In the follow-up of Don Norman's The Design of Everyday Things comes his second book, The Design of Future Things. This book, bounces from point to point on the future of design. The high points of the book include his exploration of the definition of dialogue, automation, and augmentation. He also ties together a good deal from his other books: The Design of Everyday Things and Emotional Design.
I think the most important point that Norman makes in the entire book happens in the first chapter. He relates Socrates' argument that two monologues do not create a dialogue. The two voices, Norman insists in amplifying fashion, must be in interaction. This relates to a whole host of examples in all of social interaction, whether it be human-to-human, computer-to-computer, human-to-computer, or otherwise. In every case, the designer must remember that it cannot just be a force-feeding of information or commands to the user. Latitude must be given in any series of computer interactions.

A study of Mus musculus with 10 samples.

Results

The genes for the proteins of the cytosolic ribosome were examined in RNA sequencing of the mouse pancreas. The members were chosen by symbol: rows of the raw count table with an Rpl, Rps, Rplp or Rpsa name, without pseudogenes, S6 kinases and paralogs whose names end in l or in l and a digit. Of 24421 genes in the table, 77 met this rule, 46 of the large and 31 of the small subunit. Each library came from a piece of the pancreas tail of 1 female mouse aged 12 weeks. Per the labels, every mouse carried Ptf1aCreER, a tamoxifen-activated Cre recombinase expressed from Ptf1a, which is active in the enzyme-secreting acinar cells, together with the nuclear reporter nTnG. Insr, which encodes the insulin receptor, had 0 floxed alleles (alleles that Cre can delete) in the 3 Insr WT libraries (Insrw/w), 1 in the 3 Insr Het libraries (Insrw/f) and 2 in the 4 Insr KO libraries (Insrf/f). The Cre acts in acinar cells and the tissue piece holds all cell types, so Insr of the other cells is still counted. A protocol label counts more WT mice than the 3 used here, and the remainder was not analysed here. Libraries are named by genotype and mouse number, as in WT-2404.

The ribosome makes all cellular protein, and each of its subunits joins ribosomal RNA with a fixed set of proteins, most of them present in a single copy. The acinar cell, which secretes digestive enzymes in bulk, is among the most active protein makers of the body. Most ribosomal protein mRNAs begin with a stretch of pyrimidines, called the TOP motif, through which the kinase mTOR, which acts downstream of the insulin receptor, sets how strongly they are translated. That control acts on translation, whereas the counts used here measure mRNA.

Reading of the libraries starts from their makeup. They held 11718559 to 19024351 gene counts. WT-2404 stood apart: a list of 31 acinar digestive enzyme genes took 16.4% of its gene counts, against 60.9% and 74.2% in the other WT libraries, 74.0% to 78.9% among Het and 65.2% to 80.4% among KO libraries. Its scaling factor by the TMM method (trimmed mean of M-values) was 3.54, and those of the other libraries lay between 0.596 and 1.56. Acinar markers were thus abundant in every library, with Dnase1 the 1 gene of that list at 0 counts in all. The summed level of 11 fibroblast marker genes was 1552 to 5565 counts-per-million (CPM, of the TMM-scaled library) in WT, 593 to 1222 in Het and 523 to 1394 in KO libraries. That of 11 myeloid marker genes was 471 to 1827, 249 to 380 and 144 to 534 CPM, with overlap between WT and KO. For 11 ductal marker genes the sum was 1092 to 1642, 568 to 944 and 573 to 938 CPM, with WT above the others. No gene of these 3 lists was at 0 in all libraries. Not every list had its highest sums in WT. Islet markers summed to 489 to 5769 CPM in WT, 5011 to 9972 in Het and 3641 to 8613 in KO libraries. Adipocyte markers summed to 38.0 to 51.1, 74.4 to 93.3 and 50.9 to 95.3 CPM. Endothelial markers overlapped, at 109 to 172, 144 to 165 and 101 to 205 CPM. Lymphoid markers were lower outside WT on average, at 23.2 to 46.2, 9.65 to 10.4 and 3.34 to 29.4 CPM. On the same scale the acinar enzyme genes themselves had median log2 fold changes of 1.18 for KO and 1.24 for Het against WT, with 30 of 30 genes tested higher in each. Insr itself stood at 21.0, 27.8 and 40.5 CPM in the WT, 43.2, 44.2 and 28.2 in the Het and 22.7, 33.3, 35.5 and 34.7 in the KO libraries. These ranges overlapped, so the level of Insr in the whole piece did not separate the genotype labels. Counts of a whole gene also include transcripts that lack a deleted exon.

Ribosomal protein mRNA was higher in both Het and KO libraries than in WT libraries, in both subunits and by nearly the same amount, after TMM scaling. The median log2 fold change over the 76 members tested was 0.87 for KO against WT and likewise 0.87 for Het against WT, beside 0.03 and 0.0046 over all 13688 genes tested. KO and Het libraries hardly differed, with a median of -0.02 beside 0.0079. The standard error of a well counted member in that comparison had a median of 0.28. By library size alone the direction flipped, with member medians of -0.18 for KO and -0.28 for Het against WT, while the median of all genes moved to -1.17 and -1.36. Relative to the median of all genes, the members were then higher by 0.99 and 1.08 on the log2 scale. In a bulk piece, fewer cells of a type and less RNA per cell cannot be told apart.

That said, also the role between automation and augmentation— which Norman brings up in chapter five. I do agree with Norman's interpretation here of automation versus augmentation. Automation should only be used in cases to speed up a process that would normally be labor-intensive if done by a human or one that would be unsightly for a human to do. In all other cases, the computer-related designs should only augment what a human rightfully should do. In this case, the augmentation can be ignored by the human user and thus not cause (or at least limit) the level of annoyance any design might create.
All in all the book was another insightful and beneficial read—save the last wacky chapter which wasn't a requirement to read (though the rules given there were good).
Posted: Brian Salato, Adam Griffin, and Brad Twitty.